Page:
My recent exodus from Gmail and consequent return to the world of the desktop email client has got me thinking about what an email application really fundamentally is.
It’s three things, it seems to me: it’s a text editor, it’s a database, and it’s a file manager. The problem is that there is no email client that fulfills all these functions really well. And probably no two users will weigh the relative importance of these functions in precisely the same way.
Take Gmail, for instance. It has always been an extremely responsive, extremely reliable database. And as its system of labels, filters, and “Labs” commands developed — Oh how I miss you, Send and Archive! — it became an increasingly sophisticated file manager. But its text editing capabilities were limited and awkward from day 1. As much fun as it was to set up an organizational system in Gmail, it was that much of a pain to write anything in the darn thing.
Contrast that to an ancient favorite of the geeky Mac crowd, Mailsmith — none of that newfangled IMAP crap for me, sonny! — which borrows its text-editing engine from BBEdit and therefore in this respect blows every other email client in the world out of the water. It has a pretty good filtering system too, with fine-grained controls, though in my experience the filters do not work consistently. But its database, while solid, is excruciatingly slow — I mean, go-out-and-have-lunch-and-it-still-hasn’t-finished-your-search slow — so that and its single-minded devotion to POP make it unusable.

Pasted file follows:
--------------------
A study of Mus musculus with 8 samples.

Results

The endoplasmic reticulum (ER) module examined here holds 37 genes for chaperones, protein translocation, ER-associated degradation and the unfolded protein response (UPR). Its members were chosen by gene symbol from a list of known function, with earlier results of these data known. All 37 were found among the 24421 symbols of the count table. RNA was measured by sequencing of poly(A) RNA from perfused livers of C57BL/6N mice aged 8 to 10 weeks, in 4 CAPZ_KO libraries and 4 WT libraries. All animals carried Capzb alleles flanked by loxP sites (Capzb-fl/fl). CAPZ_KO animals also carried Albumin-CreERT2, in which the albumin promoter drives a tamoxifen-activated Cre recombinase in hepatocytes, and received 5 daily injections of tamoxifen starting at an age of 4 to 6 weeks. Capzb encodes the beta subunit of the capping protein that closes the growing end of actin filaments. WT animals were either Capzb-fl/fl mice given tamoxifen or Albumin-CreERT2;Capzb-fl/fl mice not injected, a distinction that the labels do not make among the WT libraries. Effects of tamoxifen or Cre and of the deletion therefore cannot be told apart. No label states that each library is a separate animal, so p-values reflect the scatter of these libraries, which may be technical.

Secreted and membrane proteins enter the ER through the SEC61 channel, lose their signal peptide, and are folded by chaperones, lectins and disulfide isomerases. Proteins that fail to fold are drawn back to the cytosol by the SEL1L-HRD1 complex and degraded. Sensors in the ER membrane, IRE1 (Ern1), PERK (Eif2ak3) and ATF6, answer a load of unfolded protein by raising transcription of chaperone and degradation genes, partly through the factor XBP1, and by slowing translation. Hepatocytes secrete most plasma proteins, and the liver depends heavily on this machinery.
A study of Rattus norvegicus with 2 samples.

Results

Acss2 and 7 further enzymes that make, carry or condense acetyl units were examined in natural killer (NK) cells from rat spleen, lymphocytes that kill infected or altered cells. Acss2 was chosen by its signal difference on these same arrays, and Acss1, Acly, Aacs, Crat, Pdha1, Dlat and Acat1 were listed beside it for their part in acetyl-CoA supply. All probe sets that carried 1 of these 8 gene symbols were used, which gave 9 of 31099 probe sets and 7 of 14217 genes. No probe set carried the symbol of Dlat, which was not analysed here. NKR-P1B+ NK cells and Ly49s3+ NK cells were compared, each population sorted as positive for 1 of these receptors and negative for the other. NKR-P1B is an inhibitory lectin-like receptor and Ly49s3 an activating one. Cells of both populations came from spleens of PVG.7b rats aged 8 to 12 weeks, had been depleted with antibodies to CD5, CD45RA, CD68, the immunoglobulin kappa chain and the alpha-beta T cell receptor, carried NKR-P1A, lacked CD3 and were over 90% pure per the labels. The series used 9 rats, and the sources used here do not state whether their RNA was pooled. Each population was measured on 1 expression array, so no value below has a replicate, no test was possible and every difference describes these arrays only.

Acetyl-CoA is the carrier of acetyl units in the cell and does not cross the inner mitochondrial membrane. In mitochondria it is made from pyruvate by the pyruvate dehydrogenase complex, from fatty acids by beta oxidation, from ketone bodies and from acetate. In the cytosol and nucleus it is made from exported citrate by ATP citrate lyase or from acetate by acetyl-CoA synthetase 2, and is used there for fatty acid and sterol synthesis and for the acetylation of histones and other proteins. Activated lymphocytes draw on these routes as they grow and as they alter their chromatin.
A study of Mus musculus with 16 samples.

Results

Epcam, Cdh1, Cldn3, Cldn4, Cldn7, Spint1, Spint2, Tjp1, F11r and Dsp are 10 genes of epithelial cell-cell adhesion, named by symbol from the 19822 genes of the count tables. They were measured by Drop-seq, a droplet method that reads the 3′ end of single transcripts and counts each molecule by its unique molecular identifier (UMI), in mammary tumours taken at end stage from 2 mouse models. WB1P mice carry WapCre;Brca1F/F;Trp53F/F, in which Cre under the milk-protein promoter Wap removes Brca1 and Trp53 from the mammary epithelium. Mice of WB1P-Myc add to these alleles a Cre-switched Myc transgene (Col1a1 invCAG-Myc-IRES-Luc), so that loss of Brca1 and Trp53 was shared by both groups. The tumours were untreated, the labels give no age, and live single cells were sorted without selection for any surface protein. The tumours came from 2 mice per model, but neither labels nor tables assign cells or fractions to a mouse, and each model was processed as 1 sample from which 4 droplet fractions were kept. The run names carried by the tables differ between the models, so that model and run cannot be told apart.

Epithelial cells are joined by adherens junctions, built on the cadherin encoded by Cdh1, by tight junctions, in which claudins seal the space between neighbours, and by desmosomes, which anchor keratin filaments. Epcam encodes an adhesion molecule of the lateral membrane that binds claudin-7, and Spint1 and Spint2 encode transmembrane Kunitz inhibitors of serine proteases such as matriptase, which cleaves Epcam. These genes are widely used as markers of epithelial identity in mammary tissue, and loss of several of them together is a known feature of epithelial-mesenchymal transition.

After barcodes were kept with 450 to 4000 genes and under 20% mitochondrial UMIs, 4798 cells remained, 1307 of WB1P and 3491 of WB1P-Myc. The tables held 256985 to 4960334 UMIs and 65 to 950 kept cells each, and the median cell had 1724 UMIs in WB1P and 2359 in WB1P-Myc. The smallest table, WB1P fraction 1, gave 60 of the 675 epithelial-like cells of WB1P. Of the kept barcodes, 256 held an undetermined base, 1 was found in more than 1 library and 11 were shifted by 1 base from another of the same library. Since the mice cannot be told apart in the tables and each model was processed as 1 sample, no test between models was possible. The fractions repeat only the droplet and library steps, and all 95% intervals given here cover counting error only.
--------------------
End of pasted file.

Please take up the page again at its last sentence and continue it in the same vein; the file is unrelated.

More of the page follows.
If swift and sophisticated file management is your sine qua non, then you can't do better than — well, mutt or alpine, assuming you don't mind working from the command line. Watching a true mutt master compose, send, reply to, and file emails is like watching the knife tricks at Benihana. But mutt and alpine obviously aren't serious options for many users.
So we’re still waiting, I think, for an email app that puts it all together. Maybe Letters, the early-in-development email client for alpha Mac geeks, will do it. But I doubt it. My guess is that email will be replaced by a wholly different communications technology before anyone figures out how to make an email client that isn't seriously compromised in one or more of its functions.